The amplifier is powered with a dual supply of +-15 V, provided using a symmetric power supply (ELC AL991S). The Wheatstone bridge (350 Ohm gauges) is supplied at 10V using the reference output voltage provided via the amplifier. The following schematic represent the whole electronic circuit.

Electric circuit

However, one the amplifier is turned on, there is a 50 Hz noise of around 4 mV of amplitude, which interferes with the measured signal (a reflecting deformation wave of low frequency). The measurement was done using a Picoscope 4824A (Documentation) Measured noise on the amplifier's output

I wish to get rid of this noise. I suspect a problem of ground connection, creating a loop eventually, but I lack the knowledge to identify it.

Do you have any lead I could follow?

Edit: I've been asked to provide a picture of the circuit layout. Here it goes: Circuit layout I am curently using a Breadboard, which was usefull for the time being due to the flexibility it offers. I plan on soldering everything. I can confirm that the scope is not aliasing.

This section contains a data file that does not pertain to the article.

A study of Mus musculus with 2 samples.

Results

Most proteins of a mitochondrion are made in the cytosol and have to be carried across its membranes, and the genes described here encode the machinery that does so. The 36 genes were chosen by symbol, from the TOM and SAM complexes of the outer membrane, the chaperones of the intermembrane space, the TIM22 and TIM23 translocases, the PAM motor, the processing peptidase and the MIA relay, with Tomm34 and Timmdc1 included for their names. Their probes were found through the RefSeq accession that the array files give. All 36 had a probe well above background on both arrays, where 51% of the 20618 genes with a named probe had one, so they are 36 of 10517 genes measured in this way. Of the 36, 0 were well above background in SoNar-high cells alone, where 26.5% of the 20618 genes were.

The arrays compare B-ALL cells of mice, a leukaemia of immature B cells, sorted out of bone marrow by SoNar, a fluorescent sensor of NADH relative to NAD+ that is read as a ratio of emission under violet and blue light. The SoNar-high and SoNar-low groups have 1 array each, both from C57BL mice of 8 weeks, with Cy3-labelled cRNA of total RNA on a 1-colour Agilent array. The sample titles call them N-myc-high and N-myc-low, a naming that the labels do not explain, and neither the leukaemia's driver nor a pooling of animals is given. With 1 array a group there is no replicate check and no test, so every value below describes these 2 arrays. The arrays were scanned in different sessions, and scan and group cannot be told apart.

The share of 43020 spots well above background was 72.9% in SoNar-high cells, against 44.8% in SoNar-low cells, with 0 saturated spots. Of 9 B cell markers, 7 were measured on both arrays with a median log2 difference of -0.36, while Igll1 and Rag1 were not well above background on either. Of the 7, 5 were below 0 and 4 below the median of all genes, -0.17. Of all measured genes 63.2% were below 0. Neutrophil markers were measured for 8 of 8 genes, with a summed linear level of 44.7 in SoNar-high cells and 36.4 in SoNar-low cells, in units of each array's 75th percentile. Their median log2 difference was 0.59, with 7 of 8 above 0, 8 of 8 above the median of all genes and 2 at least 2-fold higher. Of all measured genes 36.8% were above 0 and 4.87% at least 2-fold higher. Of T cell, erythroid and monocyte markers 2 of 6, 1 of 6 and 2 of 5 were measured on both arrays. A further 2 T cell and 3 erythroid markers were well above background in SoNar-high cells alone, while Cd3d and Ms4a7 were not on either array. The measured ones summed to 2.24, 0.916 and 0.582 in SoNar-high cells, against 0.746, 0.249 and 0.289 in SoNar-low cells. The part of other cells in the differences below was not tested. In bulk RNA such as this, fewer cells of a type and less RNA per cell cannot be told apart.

The wheatstone bridge is wired using same length wires soldered to the strain gauges. Regarding the connections in between the different elements, I use either BNC cables or banana plugs (for the power supply) (not visible on the previous picture)

    – Andy aka
    Aug 11, 2023 at 12:17
  • \$\begingroup\$ Would you recommend soldering everything to a pcb ? \$\endgroup\$ Aug 11, 2023 at 12:28
    – Vincent
    Aug 11, 2023 at 19:34
  • \$\begingroup\$ Can you show an actual picture of the layout and how the wheastone bridge is wired up? So we can identify problematic loops, for example. \$\endgroup\$
    – feynman
    Aug 12, 2023 at 13:53

1 Answer 1


What you can (and should) do is identifying and minimizing all loops that begin at the positive and end at the negative input of the amplifier. Those loops are the ones most sensitive to induced voltages due to low frequency magnetic fields. You also need to minimize the loop of the wheatstone brigde itself.